Matching the Right Talent to the Right Roles

By Bill Schaninger, Senior Partner, McKinsey & Company

Bill Schaninger, Senior Partner, McKinsey & Company

Change is quintessential for success in today’s disruptive global business backdrop,and increasingly, digital transformation helps ready organizations to compete in that environment and drive business value. It also requires focusing on talent to ensure that the right employee is matched to the right role to ultimately create the most value.

While this talent alignment is challenging, when it’s done right, rapidly and at scale by a large organization, the outcome can prove to be a significant performance differentiator. These organizations tend to outperform competitors 2-to-1, based on our research.

Taking a more organized approach to talent matching as part of a major digital transformation triggers several advantages:

Time: Faced with hundreds – and often thousands – of employees and roles, a more organized approach saves time when the information is at your fingertips.

Access: Collecting the data and data points for each position, as well as the organization’s leaders, digitally is far easier to peruse vs. poring over binders.

Effectiveness: Tactically, keeping track of the myriad choices you make during a digital transformation is difficult. Having a visual means for keeping track of options vs. choices makes clear the impact being made.

Applying this approach ensures that this process, which must occur no matter what, happens in the most effective way.

Accounting for unconscious bias

Whether a company is entering a new market, identifying ways to cut costs or becoming nimbler, HR business partners (HRBPs) must find more effective ways to deploy talent. HRBPs and other leaders easily can fixate on individual candidates and roles without a clear perspective of how these placements affect the organization at large.

For large enterprises that must match many employees to new roles, properly realigning talent to available and high-value positions proves especially daunting and game-changing.

When proper and efficient talent-matching practices are missing, filling roles rapidly can become a popularity contest. Positions are filled based on who knows who – which can lead to unconscious bias – rather than on identifying the best candidate to reflect the qualities and qualifications necessary for each position.

Redeploying talent in a value-focused manner is essential. It must consider knowledge, skills, intrinsic traits and experiences to match the candidates best for each role. We recommend taking these steps.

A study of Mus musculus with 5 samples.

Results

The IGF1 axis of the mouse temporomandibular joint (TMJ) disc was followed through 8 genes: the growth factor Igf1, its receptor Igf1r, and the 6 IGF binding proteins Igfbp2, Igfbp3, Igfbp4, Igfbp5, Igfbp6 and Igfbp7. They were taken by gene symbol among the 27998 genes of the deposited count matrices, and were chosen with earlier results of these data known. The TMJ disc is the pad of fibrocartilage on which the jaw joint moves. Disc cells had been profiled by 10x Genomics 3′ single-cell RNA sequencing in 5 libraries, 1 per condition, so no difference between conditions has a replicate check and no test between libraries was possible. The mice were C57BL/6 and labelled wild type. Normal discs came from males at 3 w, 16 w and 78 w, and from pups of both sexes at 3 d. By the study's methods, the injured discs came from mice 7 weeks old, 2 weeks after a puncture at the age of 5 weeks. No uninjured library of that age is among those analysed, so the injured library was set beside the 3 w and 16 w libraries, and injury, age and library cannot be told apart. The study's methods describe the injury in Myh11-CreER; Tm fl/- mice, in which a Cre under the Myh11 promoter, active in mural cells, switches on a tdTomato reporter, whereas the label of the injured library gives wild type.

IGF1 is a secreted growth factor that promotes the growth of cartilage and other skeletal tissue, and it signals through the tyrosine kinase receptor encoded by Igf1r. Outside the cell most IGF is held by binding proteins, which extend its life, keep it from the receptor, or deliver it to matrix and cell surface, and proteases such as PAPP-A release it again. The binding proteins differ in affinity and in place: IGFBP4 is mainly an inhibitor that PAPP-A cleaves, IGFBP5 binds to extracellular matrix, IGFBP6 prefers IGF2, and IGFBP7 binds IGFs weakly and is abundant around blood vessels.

"Positioning high performers in the best opportunities can help to retain star employees by keeping them engaged and ultimately happy"

Understand your value agenda.

Begin by aligning with your organization’s ambition and deconstructing what will drive value across departments. While leading a client’s transformation, we helped it assess and consider more than 2,000 high-potential employees for more than 100 critical positions. The first step required gaining strategic clarity on their value agenda to understand which of these 100 critical positions would be most essential to driving value.

Identify the most important roles.

Without an understanding of the most critical roles based on the value agenda and what matters most in each, it becomes virtually impossible to make informed, strategic decisions. Determine what experiences, skills and traits are needed and back it up with data about your talent pool. The aforementioned organization identified 45 most critical value-adding roles and defined markers for success supported by people analytics. This built a unique competency model tailored toward its values.

Before doing the matching, it’s important to:

• Identify your top talent.

 Identifying the top talent should stem directly out of the performance management process. Going forward, performance management will become more and more data driven to increase objectivity in the assessment of employees.

• Use data to understand success in the position. To choose the best candidate for any given critical role, you will need to first understand what is required to succeed in that role, and then use as much data as possible to understand the fit of the employee.

In both the cases above, the information that will help make better assessment possible, includes understanding how employees use informal networks of influence in the company, and how they engage with colleagues in person and in writing.

Of course, the more data driven companies become, the more implications there are for employees. For example, organizations must consider the Hawthorne effect: When you know you are being observed, you behave differently.

Get the right talent in the right roles. Assess fit and match talent that reflects each role’s markers for success. Solutions such as McKinsey & Company’s Talent Match can prove especially useful for aggregating data and supporting recommendations. The tool helped one client develop a company-wide database of high potentials – identifying future leaders, enabling talent mobility and highlighting top candidates for each job.

By taking a methodical, visual and data-supported approach to making human capital decisions at scale, the benefits abound for large organizations. This approach saves time and simplifies the process. It also can help organizations combat unconscious bias, enabling leaders to keep track of the available options versus the actual choices that were made.

When all companies are vying for the strongest talent, positioning high performers in the best opportunities can help to retain star employees by keeping them engaged and ultimately happy. As the adage goes, change is inevitable. In today’s volatile market, approaching this process in the best way possible can make or break an organization’s transformational success.